Tian, Wei, The biological
metabolism of nitrate and nitrite in Pseudomonas fluorescens K27 amended
with tellurium. Master of Science (Chemistry), December 2004, Sam Houston
State University, Huntsville, Texas, 82 pp. (pdf version
of this thesis)
The purpose of this research was to determine the initial steps in the nitrate and nitrite metabolism of Pseudomonas fluorescens K27, investigate tellurite influence on this reduction and whether K27 has a nitrate assimilatory system and determine if K27 has separate nitrate and nitrite reductase systems.
Experiments were carried out by inoculating Pseudomonas fluorescens K27 in growth medium with or without tellurite amendment and growing anaerobically. Samples were analyzed in regular time intervals for cell growth using optical density, for extracellular ammonium ion concentration using an ammonia-selective electrode, and for extracellular nitrate and nitrite content using colorimetric or UV-VIS spectrometry.
Nitrate is a preferred terminal electron acceptor for the anaerobic growth of K27 in tryptic soy broth medium. Nitrite acts as both a terminal electron acceptor and toxic reagent: low level nitrite supports the anaerobic growth of K27; high level nitrite inhibits the anaerobic growth of K27.
Nitrate and nitrite were reduced concomitantly in the anaerobic conditions studied; nitrate reduction rate was faster than nitrite reduction rate as measured by the disappearance of these anions in growing cultures. Part of the newly-formed nitrite bacterially produced was further reduced; the other unreduced nitrite accumulated to its highest level at the point in time at which nitrate was used up.
Ammonium ion was produced by K27 in the minimal medium used in other experiments with NO3- as the only N source. At the time point that the nitrate was used up, both nitrite and ammonium concentrations attained their highest level. After that, nitrite and ammonium concentrations gradually decreased.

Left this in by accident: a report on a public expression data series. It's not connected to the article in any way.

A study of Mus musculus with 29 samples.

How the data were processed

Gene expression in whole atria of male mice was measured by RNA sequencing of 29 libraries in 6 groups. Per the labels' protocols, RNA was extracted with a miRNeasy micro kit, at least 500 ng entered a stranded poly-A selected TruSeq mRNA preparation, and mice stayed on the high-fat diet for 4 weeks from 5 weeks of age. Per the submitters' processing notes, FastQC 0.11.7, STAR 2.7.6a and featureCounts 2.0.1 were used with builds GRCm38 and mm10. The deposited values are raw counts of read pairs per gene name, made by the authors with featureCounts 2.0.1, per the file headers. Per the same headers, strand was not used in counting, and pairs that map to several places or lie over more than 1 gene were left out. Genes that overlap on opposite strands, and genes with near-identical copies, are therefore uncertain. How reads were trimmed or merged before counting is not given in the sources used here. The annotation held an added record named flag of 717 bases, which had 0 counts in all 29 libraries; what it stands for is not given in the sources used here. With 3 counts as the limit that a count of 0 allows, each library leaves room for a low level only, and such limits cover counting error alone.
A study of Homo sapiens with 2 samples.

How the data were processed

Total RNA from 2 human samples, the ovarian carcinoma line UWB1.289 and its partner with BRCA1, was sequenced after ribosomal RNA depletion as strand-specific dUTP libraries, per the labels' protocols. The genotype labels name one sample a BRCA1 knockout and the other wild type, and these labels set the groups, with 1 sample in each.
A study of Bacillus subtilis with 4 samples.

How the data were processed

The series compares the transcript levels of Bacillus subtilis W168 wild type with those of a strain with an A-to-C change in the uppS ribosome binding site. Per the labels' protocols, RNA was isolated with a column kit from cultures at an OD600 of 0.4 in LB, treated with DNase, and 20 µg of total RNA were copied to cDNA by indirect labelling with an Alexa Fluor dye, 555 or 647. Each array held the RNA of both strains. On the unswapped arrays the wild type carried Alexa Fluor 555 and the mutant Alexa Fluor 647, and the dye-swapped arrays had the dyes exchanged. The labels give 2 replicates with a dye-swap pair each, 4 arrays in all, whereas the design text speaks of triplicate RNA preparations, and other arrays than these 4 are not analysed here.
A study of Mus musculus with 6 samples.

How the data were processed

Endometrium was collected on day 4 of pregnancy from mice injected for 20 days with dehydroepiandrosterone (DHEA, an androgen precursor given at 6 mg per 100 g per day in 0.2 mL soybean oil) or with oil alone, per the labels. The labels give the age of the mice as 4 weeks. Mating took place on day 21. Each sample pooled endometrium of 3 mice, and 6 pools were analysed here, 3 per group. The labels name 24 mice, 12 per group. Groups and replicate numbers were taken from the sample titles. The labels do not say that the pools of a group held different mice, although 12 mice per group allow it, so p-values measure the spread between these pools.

In tryptic soy broth with added nitrate amended with tellurite, the specific growth rate of K27 was inhibited; nitrate uptake per bacterium also was decreased. In tryptic soy broth with added nitrate and with 0.1 mmol/L tellurite amendment, nitrate was used up in 5 days but nitrite was at high levels after 7 days. In this same medium with 0.2 mmol/L tellurite added, both nitrate and nitrite were not used up after 7 days.
In tellurite-amended conditions, before the point of change at which nitrite gained its highest concentration in solution, tellurite inhibited a little bit of the nitrate reduction and decreased nitrite reduction a lot. Therefore newly-formed nitrite concentration was increased faster than that in cultures without tellurite amendment. K27 apparently has separate nitrate and nitrite reductase systems because the reduction of these anions is carried on concomitantly no matter which anion is higher in concentration. Nitrate is used up first even in growth media of high levels of nitrite. On the other hand, nitrite reduction is not stopped even if the nitrate concentration is high.